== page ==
If there was any wonder whether former Students of the Year would live up to their potential, rest assured the three previous honorees are rising above expectations.
The award program began in 2017 as a way for the community to recognize outstanding students for their academics and service to the community. The Bartlesville Examiner-Enterprise, Patriot Auto Group and Truity Credit Union sponsor the awards program.
Last year’s honoree, Aarya Ghonasgi, is studying psychology on the pre-med track at the University of Oklahoma as well as minoring in art history and media studies.
“It was great getting the recognition from the community,” she said. “It was a really great honor knowing that there were people who were really proud of what I’ve been doing academically and outside of school.”
Ghonasgi was one of 125 freshman selected from among 12,000 applicants to join the OU President’s Leadership Class. The organization cultivates student leadership and provides networking opportunities with outstanding alumni for its members.
During her freshman year, she tutored other college students in biology and organized OU’s Dance Marathon, which raises money for the Children’s Hospital Foundation to help pay for research, patient care and support for sick kids.
As a high school student and even now, she spends time as a volunteer for the Washington County Society for the Prevention of Cruielty to Animals. So it is natural that she also works with Norman’s Second Chance organization to help animals.
Ghonasgi has found that the coronavirus pandemic has limited her ability to work in clinics and shadow physicians as pre-med students typically do.
“It’s kind of difficult being pre-med because you have to do a lot of prepping for applications for medical school,” she said. “A lot of places simply won’t take students because there are fewer slots and those are filled by medical students.”
But in go-getter fashion, Ghonasgi has found a place that will not only allow her to gain experience, but will help an organization that needs it. This fall, she begins volunteering at the Manos Juntas Free Clinic in Oklahoma City that serves people who don’t have insurance.
“It relies on volunteers, so that’s the one thing I can do,” she said.
Allison Biddinger, who was Student of the Year in 2018, attends Purdue University and majors in biological engineering with a concentration in cellular and bioemolecular with a pre-med focus.
“As a student attending an out-of-state university, the Student of the Year award helped relieve some financial pressure for both me and my family to attend my dream school — Purdue University,” she said.
This summer, she is driving the Hyundai Elantra she won all around Indianapolis where she is finishing up a drug discovery and development internship at Eli Lilly & Company’s Medicines Innovation Hub. Among other activities, Biddinger is involved with the Purdue Student Engineering Foundation, the Boiler Gold Rush student orientation program and the Women in Engineering program.
A rising junior and member of the Honors College, Biddinger carried over her love of competitive swimming from Bartlesville High School to the Purdue swim team. She qualified for the National College Club Swimming Championship during her freshman and sophomore years.
This fall, Biddinger will be a resident assistant in a college dorm to to help develop community among residents and help them adjust to college life.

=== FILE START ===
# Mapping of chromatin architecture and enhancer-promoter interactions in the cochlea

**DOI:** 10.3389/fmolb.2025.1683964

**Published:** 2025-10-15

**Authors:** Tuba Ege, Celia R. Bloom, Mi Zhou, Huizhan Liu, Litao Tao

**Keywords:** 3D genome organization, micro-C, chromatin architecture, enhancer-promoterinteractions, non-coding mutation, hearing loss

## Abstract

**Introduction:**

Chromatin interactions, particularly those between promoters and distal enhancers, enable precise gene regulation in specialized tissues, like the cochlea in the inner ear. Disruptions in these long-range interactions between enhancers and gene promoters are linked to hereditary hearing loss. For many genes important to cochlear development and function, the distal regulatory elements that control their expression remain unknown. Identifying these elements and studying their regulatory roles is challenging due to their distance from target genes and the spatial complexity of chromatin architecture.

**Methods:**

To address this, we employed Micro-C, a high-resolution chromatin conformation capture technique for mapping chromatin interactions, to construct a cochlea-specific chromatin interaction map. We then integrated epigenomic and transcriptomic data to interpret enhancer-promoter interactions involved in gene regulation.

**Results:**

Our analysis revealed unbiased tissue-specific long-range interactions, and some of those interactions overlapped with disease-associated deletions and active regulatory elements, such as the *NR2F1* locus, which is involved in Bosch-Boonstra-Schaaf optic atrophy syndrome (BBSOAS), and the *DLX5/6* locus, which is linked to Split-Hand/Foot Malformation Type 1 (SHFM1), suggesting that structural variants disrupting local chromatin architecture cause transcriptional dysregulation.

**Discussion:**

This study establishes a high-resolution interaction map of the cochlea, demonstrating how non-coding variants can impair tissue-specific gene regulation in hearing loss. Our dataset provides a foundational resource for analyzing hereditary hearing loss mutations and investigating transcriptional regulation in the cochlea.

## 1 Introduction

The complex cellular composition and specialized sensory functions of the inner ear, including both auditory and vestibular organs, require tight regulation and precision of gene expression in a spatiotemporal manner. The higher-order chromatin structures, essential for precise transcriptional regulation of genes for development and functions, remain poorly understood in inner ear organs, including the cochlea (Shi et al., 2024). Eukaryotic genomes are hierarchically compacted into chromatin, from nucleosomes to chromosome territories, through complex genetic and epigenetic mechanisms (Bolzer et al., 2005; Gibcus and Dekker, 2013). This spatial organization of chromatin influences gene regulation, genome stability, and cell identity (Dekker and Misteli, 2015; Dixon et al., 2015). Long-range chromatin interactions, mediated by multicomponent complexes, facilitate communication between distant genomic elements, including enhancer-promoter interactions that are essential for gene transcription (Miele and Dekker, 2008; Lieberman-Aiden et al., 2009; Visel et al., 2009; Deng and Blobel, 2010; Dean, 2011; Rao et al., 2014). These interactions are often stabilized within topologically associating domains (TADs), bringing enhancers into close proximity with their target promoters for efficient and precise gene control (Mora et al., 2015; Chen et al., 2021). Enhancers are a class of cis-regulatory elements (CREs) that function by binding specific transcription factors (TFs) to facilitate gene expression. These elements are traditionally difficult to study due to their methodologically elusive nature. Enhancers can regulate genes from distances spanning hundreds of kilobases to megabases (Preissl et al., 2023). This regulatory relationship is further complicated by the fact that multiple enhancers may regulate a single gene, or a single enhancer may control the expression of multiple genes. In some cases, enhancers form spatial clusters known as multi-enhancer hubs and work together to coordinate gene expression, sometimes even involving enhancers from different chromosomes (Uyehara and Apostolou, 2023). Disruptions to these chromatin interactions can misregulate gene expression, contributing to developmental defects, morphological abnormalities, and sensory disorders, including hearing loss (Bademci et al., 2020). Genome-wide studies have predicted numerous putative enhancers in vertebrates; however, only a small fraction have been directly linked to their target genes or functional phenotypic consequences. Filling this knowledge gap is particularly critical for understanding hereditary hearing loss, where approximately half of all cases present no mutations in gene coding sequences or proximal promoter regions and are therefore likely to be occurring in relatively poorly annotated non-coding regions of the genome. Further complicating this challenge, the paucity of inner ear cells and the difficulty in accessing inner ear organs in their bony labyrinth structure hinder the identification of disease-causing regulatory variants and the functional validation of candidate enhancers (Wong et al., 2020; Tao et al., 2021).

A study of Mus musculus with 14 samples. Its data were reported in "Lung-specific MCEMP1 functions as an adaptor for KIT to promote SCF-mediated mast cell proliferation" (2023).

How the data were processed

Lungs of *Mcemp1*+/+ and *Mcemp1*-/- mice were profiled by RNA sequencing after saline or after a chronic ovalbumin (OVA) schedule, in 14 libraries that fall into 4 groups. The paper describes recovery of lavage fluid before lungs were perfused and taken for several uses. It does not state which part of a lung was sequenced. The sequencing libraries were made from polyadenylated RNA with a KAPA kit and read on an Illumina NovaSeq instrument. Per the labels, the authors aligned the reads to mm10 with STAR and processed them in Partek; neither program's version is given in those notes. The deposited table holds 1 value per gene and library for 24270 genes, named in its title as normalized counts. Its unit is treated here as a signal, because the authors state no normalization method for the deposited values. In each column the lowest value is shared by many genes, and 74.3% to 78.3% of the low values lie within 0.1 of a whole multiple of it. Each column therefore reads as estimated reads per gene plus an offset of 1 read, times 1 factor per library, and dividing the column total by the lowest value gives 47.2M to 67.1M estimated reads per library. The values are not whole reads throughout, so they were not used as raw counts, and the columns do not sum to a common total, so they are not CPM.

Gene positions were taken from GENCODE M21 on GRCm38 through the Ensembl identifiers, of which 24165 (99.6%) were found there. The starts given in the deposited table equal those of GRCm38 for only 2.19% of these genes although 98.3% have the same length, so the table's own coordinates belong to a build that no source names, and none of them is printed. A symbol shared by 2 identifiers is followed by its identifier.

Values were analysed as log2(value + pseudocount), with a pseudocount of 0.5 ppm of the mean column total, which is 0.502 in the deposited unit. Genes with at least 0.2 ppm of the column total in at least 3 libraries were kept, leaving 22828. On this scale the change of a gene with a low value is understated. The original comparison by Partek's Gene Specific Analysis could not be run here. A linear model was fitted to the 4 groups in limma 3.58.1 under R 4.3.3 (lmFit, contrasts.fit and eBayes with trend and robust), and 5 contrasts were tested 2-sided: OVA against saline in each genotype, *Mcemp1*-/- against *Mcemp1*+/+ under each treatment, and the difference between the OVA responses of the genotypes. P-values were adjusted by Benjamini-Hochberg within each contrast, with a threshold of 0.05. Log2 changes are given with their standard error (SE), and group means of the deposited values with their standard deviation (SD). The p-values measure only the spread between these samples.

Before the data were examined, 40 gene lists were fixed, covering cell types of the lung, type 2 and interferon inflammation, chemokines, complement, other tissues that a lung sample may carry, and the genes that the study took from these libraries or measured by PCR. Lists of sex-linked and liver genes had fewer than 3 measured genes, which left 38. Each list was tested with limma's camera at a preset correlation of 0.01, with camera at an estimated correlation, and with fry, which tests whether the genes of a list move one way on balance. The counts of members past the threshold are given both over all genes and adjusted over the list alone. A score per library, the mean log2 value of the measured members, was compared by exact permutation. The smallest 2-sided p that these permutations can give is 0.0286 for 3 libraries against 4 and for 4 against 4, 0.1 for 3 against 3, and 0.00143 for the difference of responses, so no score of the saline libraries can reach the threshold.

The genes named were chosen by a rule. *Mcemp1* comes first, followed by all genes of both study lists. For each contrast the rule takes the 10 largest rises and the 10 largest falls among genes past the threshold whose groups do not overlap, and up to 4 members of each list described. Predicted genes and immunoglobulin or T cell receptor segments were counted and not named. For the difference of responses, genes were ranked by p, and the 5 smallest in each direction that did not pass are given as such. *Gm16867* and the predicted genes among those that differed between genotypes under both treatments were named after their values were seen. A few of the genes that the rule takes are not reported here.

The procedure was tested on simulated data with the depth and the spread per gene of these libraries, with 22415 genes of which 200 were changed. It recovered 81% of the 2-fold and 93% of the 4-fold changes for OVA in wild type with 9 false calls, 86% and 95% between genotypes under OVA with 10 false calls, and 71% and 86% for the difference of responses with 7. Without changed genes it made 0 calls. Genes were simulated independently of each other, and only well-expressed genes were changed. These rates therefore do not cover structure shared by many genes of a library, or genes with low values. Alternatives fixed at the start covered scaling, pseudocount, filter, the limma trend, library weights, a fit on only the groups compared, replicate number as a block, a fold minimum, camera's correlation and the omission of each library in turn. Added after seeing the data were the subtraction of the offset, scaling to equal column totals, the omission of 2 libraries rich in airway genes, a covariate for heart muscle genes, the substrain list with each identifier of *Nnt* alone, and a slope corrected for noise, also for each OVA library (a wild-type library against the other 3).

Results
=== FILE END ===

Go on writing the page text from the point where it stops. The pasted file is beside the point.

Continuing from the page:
She also will have her traumatic brain injury research from the previous summer at the University of Georgia published this fall in the Journal of Purdue Undergraduate Research.
“Growing up in the Bartlesville community, I was endlessly supported by my teachers, coaches, peers and family, and this honor has provided me with the confidence to pass on the mentorship I received to youngers students in the Purdue community,” Biddinger said.
In 2017, Abigail Hales had only hoped to be a runner-up to the Student of the Year. It was the first year for the regional honor and she didn’t dare think she could win it.
“When they announced it was me, I was in shock,” she said. “Everyone else was so accomplished and smart. I don’t know what the deciding factor was.”
After graduating from Bartlesville High, Hales headed to Brigham Young University in Provo, Utah, where she majors in applied mathematics. She consistently made the Dean’s List in the College of Physical and Mathematical Sciences.
After three semesters, Hales felt called to serve a year-and-a-half mission in Bakersfield, California, for the Church of Jesus Christ of Latter-Day Saints.
“It is like one of the weirdest things I think I’ve ever done but it’s awesome,” Hales said, adding that partnering with a fellow missionary who she didn’t know was an interesting way to make a friend.
“You meet this person on the first day, who is going to be your companion 24/7, and you automatically become instant best friends,” she said. “It’s kind of like a missionary partner in crime or partner in Jesus.”
For more than a year, she and her fellow missionary companion were able to go out and share with people in person the peace that Hales has found in Jesus Christ. More recently because of the coronavirus, she used technology to reach people.
But that is right up her alley. She is heading back to BYU to complete to work toward her goal of a career in software development or computer science.
“I love math because it’s straight black and white and it’s right or wrong. You’re solving problems. Computer science seems to be more like how we solve problems today,” Hales said. “ I really like the idea of fixing things and making them better.”